There was a time when many wondered how the Breakers would cope without Kirk Penney.
Three straight ANBL titles has proved they managed just fine, but it might not be too long before the club's all-time leading points scorer and former league MVP pulls on a Breakers singlet for a second stint.
It probably won't happen next season, although new coach Dean Vickerman sounded him out about the idea in case Tom Abercrombie lands an NBA deal in the coming weeks; but it could happen 12 months later and Penney is enthusiastic about the idea.
"Definitely," he says emphatically while on a brief visit to Auckland this week. "They're a wonderful club to play for and are about a little bit more than just basketball. They're making an incredibly positive impact on the community. I love playing here and the success they're having is really elevating the game of basketball in New Zealand."
Penney played a key role in that, helping them to their first title in 2010/11 before exercising an out-clause in his contract and signing to play for Baloncesto Fuenlabrada in Spain.
The Spanish league is considered one of the best behind the NBA and it's also one of the most lucrative to play in, or it was until the country's economy took a dive.
Penney is still chasing unpaid wages which helped convince him to move to Turkey for the last European season where things were a little more settled.
He played for Ankara Kolejliler, helping them to seventh in the 16-team league, but is now a free agent which is piquing the interest of the Breakers.
At 32, however, Penney knows he needs to cash in while he can and intends returning to Europe for the next season, which starts in August. It's not all about money, but it's a major consideration, and he sees his immediate future back in Turkey.
Penney's goals have changed through the years. It was once all about the NBA - he played a handful of games for the Miami Heat and Los Angeles Clippers in 2003 and 2004 and went to try-outs on a number of occasions - but he seems entirely comfortable with the direction his career has taken.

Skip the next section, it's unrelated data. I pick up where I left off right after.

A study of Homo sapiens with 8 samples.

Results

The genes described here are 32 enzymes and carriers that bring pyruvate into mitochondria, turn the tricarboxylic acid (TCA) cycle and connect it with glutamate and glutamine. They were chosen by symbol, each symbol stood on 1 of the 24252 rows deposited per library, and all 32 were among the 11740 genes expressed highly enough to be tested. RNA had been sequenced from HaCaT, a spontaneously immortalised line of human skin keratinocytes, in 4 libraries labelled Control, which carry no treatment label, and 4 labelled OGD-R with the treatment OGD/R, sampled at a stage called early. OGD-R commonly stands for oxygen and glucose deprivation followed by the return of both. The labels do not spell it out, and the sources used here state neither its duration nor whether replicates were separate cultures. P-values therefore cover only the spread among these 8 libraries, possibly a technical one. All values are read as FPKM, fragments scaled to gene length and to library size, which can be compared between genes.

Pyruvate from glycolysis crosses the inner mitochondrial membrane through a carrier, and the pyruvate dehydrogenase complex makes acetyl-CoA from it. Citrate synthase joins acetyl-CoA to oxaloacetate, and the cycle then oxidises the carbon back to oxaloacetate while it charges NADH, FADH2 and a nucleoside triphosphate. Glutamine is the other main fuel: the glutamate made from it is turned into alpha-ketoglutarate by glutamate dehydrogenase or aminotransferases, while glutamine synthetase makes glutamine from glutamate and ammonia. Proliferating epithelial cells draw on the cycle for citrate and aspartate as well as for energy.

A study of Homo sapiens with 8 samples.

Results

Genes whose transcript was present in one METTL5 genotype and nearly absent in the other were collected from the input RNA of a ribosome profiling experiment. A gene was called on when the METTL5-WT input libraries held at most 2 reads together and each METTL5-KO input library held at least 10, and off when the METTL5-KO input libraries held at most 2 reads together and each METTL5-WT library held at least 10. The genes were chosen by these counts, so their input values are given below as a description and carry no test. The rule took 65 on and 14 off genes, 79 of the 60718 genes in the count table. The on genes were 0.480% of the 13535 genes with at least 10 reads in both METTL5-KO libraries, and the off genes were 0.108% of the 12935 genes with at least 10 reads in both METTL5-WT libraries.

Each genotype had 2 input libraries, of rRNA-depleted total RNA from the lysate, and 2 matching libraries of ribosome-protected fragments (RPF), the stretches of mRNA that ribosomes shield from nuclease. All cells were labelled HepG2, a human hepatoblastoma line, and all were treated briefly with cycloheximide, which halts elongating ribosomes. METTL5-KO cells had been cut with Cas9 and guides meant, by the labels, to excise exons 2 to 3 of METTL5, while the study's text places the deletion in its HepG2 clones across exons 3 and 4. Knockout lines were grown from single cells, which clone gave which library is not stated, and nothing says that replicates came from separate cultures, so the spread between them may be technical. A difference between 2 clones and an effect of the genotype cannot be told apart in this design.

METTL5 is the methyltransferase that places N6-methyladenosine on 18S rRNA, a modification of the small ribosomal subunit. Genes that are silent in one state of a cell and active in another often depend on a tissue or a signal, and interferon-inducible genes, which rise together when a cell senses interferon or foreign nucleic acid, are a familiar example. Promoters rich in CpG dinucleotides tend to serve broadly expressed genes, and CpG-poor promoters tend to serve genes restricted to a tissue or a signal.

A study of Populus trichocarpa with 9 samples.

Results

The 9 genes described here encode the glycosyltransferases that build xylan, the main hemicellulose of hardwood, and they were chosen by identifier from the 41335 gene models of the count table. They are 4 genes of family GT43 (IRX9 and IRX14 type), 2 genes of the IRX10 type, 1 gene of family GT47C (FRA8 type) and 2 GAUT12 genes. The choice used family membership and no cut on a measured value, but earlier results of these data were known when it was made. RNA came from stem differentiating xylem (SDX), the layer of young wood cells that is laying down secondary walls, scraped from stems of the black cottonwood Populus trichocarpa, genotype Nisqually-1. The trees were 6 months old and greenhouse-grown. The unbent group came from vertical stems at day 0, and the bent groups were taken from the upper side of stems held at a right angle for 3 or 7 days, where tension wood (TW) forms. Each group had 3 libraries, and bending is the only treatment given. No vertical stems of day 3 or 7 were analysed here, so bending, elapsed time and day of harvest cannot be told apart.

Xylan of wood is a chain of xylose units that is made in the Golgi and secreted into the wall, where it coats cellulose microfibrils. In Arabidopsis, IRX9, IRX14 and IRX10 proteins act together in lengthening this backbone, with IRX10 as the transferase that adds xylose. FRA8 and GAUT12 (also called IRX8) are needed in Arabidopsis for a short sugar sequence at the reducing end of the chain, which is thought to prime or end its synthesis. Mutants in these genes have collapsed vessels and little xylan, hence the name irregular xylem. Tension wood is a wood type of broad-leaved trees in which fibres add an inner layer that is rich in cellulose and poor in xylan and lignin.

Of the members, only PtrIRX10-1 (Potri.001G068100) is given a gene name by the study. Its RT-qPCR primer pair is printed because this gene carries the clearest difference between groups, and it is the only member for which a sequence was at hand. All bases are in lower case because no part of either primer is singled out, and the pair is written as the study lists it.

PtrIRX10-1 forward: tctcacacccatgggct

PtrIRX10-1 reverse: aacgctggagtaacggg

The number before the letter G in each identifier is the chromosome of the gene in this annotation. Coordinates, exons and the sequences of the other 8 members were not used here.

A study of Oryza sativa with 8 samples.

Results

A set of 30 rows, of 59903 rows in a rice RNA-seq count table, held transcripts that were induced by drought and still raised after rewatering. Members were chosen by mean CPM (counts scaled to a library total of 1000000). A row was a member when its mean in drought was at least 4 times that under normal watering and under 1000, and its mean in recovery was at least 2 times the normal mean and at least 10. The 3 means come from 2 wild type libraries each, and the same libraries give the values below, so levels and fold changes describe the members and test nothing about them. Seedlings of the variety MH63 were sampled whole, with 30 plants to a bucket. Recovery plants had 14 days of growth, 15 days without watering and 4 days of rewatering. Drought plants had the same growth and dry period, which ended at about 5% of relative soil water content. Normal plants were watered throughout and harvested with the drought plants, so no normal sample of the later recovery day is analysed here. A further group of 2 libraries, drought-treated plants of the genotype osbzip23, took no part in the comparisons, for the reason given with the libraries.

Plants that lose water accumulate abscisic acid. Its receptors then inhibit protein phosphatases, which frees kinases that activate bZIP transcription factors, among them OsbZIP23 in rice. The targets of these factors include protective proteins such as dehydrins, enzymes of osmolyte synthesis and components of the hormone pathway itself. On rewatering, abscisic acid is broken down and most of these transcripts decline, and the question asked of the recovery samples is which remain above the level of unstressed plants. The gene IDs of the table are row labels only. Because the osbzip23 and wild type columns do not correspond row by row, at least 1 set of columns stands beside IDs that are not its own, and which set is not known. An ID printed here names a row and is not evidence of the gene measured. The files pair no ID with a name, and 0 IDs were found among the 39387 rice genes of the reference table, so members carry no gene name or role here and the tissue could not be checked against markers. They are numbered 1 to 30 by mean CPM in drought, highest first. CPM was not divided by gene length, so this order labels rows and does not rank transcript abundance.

He's in something of an OE phase, playing in Spain (twice), the US, Israel, Lithuania, Germany, New Zealand and Turkey, and sees basketball as "a form of transport" that gets him and wife Audra, a former professional volleyball player, around.
"I haven't looked upon it as giving up [on my NBA aspirations]," he says. "You have your goals and your dreams, and hurdles come in the way and you look at other goals and dreams.
"Right now, my goals and dreams are European-based. I guess I have branched off to the path that has been shown to me.
"You're willing to accept there are a lot of good opportunities out there and the NBA is the pinnacle, but Europe offers some incredible leagues and incredibly good incomes for a lot of guys.
"I'm very comfortable with that and fortunate to have that as another option. I'm also fortunate to have the Breakers as an option, too. To play for the Breakers and play in Europe are still wonderful options.
"I've experienced all three (NBA, Europe, Australasia) and know what all three have to offer and I'm very comfortable with the road I'm on."
That road will probably see Penney skip the Tall Blacks' Oceania championships campaign in August as he takes a break from the game.